December 2023: H.G. Wells, Technocracy and Liberty

Please join us in December 2023 for a Virtual Reading Group with Alberto Mingardi


We appreciate your interest in this virtual reading group. Unfortunately, this VRG is full and we are no longer accepting registrations. We invite you to check out our upcoming events here. We hope to see you at a future VRG.

Novelist H.G. Wells (1866-1946) is still beloved for some of the most brilliant stories of the early 20th century: from The Time Machine to the Invisible Man, quite a lot of his prose survived the test of time, has been brilliantly adapted by Hollywood and is still part of our collective imagination.

Still, Wells keeps being part of the contemporaneous discussion - albeit perhaps not so openly - as an early advocate for the scientific management of society. Close to the Fabians (with whom he had quarrels), a disciple of Thomas Huxley, Wells helped popularizing the idea that a better scientific understanding of reality needed planning.

For this very reason, he was a bete-noire of F.A. Hayek, who criticized him publicly and singled him out as an example of those conceited yet pusillanimous intellectuals he so often criticized.

This VRG aims at comparing the ideas of Wells and Huxley, but also wishes to provide the participant with a broader understanding of Wells’s approaches and motives.

Session I: Thursday, December 7, 2023, 12:00-1:00 pm EST, On H.G. Wells

The first session will focus on some secondary literature to help providing the participants with a better understanding of Wells: his context, his polar stars, his ambitions.


John Carey, The Intellectuals and the Masses. Pride and Prejudice among the Literary Intelligentsia 1880-1939, London, Faber & Faber, 1992, chapter “H.G. Wells Getting Rid of People”, pp. 118-134

Paul Cantor, “The Invisible Man" and the Invisible Hand: H. G. Wells's Critique of Capitalism,” The American Scholar, vol. 68 n.3, 1999, pp. 89-102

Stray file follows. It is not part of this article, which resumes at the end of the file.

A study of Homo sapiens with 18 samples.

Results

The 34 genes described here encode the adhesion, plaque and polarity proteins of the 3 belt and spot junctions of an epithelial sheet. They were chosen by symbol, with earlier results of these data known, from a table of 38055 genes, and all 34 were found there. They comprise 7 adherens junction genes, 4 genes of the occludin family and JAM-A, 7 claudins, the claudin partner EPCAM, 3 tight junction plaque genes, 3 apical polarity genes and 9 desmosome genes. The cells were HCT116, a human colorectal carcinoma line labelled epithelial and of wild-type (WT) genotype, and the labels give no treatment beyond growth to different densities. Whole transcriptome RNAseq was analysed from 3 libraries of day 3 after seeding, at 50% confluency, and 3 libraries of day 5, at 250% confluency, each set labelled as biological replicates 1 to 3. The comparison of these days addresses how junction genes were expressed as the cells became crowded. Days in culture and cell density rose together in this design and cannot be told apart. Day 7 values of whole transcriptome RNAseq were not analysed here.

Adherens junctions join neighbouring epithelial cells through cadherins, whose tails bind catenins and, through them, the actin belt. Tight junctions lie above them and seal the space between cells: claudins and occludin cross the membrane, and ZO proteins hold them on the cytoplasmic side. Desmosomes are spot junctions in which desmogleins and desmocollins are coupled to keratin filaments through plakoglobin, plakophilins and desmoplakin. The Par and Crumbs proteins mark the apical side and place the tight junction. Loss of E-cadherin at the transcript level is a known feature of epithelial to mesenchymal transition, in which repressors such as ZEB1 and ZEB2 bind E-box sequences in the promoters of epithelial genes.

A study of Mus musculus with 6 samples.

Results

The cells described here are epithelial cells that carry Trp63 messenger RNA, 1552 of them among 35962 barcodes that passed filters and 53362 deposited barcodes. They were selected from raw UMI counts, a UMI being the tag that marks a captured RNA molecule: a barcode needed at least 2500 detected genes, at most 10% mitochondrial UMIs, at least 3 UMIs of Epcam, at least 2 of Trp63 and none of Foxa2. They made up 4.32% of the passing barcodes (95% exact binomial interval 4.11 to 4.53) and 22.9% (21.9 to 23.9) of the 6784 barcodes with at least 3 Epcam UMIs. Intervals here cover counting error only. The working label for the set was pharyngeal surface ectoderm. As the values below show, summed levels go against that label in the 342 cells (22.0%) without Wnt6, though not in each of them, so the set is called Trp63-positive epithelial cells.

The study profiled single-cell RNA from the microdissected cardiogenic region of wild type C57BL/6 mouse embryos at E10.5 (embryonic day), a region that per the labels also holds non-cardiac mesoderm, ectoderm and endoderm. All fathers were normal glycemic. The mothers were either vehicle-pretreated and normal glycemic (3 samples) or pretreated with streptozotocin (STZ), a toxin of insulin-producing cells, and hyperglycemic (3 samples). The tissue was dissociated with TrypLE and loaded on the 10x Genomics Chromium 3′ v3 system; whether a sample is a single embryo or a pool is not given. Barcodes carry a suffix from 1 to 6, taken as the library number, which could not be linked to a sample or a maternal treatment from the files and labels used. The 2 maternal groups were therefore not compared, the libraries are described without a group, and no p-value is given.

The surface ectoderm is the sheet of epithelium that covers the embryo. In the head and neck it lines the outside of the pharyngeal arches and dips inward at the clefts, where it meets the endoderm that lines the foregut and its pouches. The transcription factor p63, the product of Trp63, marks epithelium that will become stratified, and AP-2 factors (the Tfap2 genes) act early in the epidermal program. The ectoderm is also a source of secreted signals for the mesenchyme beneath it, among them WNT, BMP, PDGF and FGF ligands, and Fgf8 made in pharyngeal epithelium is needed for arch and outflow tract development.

Martin Gardner, “H. G. Wells in Russia Wells Had a Defective Vision of Lenin's Communist State”, The Freeman, May 1995 

Session II: Thursday, December 14, 2023, 12:00-1:00 pm EST, Wells and Utopia

The second session will present some samples of Wells’ “scientific Utopianism”: two from the early 1900s (his Fabian period, so to say) work, one from his later days.


H. G. Wells, Anticipations of the Reaction of Mechanical and Scientific Progress Upon Human Life and Thought, London, Chapman  & Hall, 1902, chapter 5 “The Life-history of Democracy”, pp. 143-175

H.G. Wells, A Modern Utopia, London, Fisher Unwin, 1905, chapter 3 “Utopian Economics”, pp. 70-112

H.G. Wells, The Fate of Man, New York, Longman Greens, 1939, chapter 8 “What Man Has to Learn”, p. 64

Session III: Thursday, December 21, 2023, 12:00-1:00 pm EST, Hayek vs Wells

The third session will provide a sketch of Hayek’s rejoinder, with two texts in which Hayek openly mentioned and attacked Wells (the chapters from The Road to Serfdom and The Fatal Conceit) and one indirect criticism of Wells and his kind of intellectuals. The presence of pieces both from Hayek’s 1944 bestseller and 1988 intellectual testament will help in acknowledging if and how he adjusted his arguments over time, changing their tone and perhaps fine tuning them. 


F.A. Hayek, The Road to Serfdom, Chicago, University of Chicago Press, 1944, chapter 6 “Planning and the Rule of Law”, pp. 72-87

F.A. Hayek, “Planning, Science and Freedom” now in F.A. Hayek, Socialism and War. Essays, Documents, Reviews, ed. by Bruce Caldwell, Indianapolis, LibertyFund, 2009, pp. 213-220 

F.A. Hayek, The Fatal Conceit. The Errors of Socialism, ed. by W.W. Bartley III,  Chicago, University of Chicago Press, 1991 (1988), , chapter 4 “The Revolt of Instinct and Reason”, pp. 48-65.